It is amazing how people across the political divide see issues and how fast they apportion blame. Last week I shared a microphone for an interview with former Attorney General Anil Nandlall. It was intended to be a conversion on the law and politics.
It turned out to be more of a political campaign with the perceived ills of the government taking centre stage. And indeed, that is what politicians should be doing at this time; getting their issues across. It is about making their respective political parties look good.
One issue came across rather forcefully and it centered on the Guyana Police Force. For starters, there was the Crum-Ewing issue. Courtney Crum-Ewing was shot dead in Diamond in 2015 while he was out campaigning against the then government.
He had staged a one-man picketing exercise for days outside the office of the then Attorney General. In the end, the then Attorney General Anil Nandlall was fingered in the killing.
Rajput Narine, the ex-bodyguard of Nandlall was also taken into custody and questioned but was released without being charged. The former Attorney General in his statement said he hired Rajput Narine as his bodyguard on March 15 which was five days after the Crum-Ewing murder.
He said just after Crum-Ewing’s execution he travelled to the U.S for a political meeting and it was there that he met the brother of Rajput Narine and the man recommended that he hired Rajput as a personal bodyguard.
At the time, Rajput Narine was in the employ of the Guyana Revenue Authority. Nandlall said he hired the man without carrying out any background checks and without seeking other recommendations. He said the fact that the man was a licensed firearm holder, meant he must have been of good character and that was enough for him.
“I assumed that he was a person of good character because that is why he had a firearm license and that’s the ground on which one gets a firearm licensed,” Nandlall said.
But there was the view that Narine was closely associated with former Home Affairs Minister Ronald Gajraj who was closely linked to the death squad that caused terror in Guyana. The widely held view was that people closely associated with the then ruling party got guns at the drop of a hat.
Last week, Nandlall revealed that the police found a phone that made the last call to Crum-Ewing. They traced the phone to Lethem, got the name of the owner of the phone but nothing came of that aspect of the investigation.
He could not explain why this happened especially since he was the prime legal adviser to the government. He could have called the Commissioner of Police or the Home Affairs Minister and get the investigation to continue or at least to disclose the information of the phone. That never happened.
Nandlall now wants the present administration to hold a commission of inquiry to investigate Crum-Ewing’s killing and the findings of the phone probe.
Another issue he was asked about was the perception of corruption in his government. He repeated what was said a lot since the 2015 elections. He insisted that it was a perception that was never addressed because his government was certain about retaining office.
The view was that people who had precious little suddenly became multi-millionaires and owned multiple properties.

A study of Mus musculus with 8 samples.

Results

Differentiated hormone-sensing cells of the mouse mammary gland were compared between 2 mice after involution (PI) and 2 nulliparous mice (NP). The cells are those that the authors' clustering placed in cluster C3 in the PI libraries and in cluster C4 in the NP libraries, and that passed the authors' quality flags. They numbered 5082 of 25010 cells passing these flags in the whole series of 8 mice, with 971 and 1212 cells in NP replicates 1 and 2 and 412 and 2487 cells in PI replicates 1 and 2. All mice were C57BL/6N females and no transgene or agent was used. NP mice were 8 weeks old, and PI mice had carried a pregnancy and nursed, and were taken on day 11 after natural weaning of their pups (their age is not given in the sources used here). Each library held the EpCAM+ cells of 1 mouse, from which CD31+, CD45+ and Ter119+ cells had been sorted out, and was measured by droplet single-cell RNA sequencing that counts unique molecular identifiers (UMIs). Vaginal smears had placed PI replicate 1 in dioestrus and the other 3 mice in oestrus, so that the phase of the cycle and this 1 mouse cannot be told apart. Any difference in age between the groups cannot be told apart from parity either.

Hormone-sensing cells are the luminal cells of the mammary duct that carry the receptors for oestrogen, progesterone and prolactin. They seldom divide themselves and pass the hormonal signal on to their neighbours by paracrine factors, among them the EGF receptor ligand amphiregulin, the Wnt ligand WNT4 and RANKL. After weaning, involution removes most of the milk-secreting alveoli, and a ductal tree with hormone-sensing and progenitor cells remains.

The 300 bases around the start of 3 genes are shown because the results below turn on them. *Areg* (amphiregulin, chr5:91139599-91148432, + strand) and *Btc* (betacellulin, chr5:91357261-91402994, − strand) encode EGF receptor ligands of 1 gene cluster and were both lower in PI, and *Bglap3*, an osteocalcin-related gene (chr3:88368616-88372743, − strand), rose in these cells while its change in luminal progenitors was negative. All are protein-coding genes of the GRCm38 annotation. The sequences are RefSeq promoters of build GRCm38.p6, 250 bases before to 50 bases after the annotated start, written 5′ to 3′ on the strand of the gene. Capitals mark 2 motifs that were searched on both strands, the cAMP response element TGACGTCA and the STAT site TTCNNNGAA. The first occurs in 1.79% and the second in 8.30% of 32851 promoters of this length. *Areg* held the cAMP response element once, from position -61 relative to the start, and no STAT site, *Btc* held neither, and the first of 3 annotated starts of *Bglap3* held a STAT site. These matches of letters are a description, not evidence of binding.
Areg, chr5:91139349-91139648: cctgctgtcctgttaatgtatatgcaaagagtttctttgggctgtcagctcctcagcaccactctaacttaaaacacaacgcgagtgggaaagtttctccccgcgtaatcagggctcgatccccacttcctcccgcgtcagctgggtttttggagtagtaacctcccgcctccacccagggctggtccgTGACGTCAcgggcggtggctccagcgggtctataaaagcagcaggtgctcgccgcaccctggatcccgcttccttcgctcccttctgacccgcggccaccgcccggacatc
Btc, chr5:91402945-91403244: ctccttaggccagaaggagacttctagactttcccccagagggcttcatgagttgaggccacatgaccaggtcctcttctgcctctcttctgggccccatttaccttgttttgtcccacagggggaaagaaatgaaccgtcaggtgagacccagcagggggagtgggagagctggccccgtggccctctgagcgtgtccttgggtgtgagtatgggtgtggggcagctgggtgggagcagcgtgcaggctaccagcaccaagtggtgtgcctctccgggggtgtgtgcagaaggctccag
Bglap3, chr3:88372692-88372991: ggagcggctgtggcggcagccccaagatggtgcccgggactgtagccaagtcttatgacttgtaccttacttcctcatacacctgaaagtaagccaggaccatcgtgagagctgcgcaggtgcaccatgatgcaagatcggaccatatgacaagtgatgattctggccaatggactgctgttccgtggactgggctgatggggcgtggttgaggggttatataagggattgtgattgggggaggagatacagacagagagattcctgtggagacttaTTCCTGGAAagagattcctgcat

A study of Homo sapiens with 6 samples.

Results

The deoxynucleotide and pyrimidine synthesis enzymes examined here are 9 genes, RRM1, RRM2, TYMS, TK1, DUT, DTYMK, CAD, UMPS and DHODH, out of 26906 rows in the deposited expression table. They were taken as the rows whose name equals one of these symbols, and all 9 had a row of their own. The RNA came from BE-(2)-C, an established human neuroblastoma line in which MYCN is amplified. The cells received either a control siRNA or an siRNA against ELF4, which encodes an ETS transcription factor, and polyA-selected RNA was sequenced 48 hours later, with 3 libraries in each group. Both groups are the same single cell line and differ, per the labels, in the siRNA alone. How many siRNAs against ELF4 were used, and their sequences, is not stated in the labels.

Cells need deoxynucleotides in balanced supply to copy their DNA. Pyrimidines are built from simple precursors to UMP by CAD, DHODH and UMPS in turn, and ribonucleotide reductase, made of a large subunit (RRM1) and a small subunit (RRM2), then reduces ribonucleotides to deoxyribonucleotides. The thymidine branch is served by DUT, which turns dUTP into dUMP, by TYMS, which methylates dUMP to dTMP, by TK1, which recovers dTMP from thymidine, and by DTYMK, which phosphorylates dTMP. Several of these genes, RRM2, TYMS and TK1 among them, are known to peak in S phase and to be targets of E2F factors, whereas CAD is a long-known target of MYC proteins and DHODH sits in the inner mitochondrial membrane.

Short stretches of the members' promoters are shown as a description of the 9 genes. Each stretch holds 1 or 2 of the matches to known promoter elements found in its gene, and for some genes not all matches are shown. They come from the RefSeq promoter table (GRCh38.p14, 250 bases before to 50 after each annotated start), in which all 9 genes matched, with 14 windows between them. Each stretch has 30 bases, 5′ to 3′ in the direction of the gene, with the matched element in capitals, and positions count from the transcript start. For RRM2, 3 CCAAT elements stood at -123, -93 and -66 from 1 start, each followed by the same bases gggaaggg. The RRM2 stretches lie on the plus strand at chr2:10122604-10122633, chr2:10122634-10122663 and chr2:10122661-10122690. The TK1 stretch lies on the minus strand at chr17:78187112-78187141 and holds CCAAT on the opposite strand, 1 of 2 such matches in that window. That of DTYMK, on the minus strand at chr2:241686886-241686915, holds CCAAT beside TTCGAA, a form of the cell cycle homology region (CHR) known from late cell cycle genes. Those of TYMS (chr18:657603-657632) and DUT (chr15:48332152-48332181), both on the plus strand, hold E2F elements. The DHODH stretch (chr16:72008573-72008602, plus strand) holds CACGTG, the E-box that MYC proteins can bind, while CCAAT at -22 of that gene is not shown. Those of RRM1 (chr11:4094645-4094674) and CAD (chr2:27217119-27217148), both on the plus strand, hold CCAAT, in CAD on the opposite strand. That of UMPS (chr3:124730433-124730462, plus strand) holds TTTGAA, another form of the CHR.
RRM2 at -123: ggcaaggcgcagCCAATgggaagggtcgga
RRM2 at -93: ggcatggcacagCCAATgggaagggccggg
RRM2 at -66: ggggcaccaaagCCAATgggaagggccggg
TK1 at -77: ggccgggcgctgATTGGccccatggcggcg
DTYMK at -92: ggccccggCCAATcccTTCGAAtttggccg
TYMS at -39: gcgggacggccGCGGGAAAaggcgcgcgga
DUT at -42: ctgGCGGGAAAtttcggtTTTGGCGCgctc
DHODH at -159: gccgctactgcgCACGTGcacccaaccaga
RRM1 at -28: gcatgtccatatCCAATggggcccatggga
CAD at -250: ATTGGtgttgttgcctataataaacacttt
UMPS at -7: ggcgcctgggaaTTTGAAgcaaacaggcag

Nandlall was asked whether the perception was real and could he explain the untold wealth. He didn’t try to defend this situation, choosing instead to direct all such questions to the people fingered in the query.
Today the party in government is said to be corrupt although there is nothing specific about the nature of the corruption. That is the nature of politics.
On the issue of the Special Organised Crime Unit which he helped form, Nandlall insisted that corruption had crept into that organization. The police force was not exempt from such charges.
The country knows that there are corrupt police ranks. Many have been exposed and dealt with but corruption still remains in the force. The roadblocks and the random stop and searches were highlighted by Nandlall.
He said that the ranks would unhesitatingly demand money from those they stopped and that this was an inherited practice from an even earlier government. What he could not explain was why it was allowed to continue during his party’s twenty-three years in office.
His was the job to highlight what the present government is failing to do regardless of whether the problems were inherited and he did a good job.
He highlighted the anti-people measures adopted during the tenure of the government. They included the hike in taxes for the farmers in the Mahaica-Mahaicony-Abary Agricultural Development Authority.
Nandlall said that he represented these farmers most of whom were perceived to be supporters of the present government. He spoke of the imposition of additional hardships on the people of the lower strata in society, all imposed by the government.
In his book, this government is among the most inept, stumbling from ineptitude to ineptitude. And these charges would stick with any of Nandlall’s followers. The government for its part seems to be losing the propaganda war.
The opposition is using every forum at its disposal to get its message across to whoever is listening. The government says precious little, probably preferring to do what it believes is improving the lives of the people. It believes that action speaks louder than words.
If that is the case, it surely does not know Guyanese, a people of very short-memory.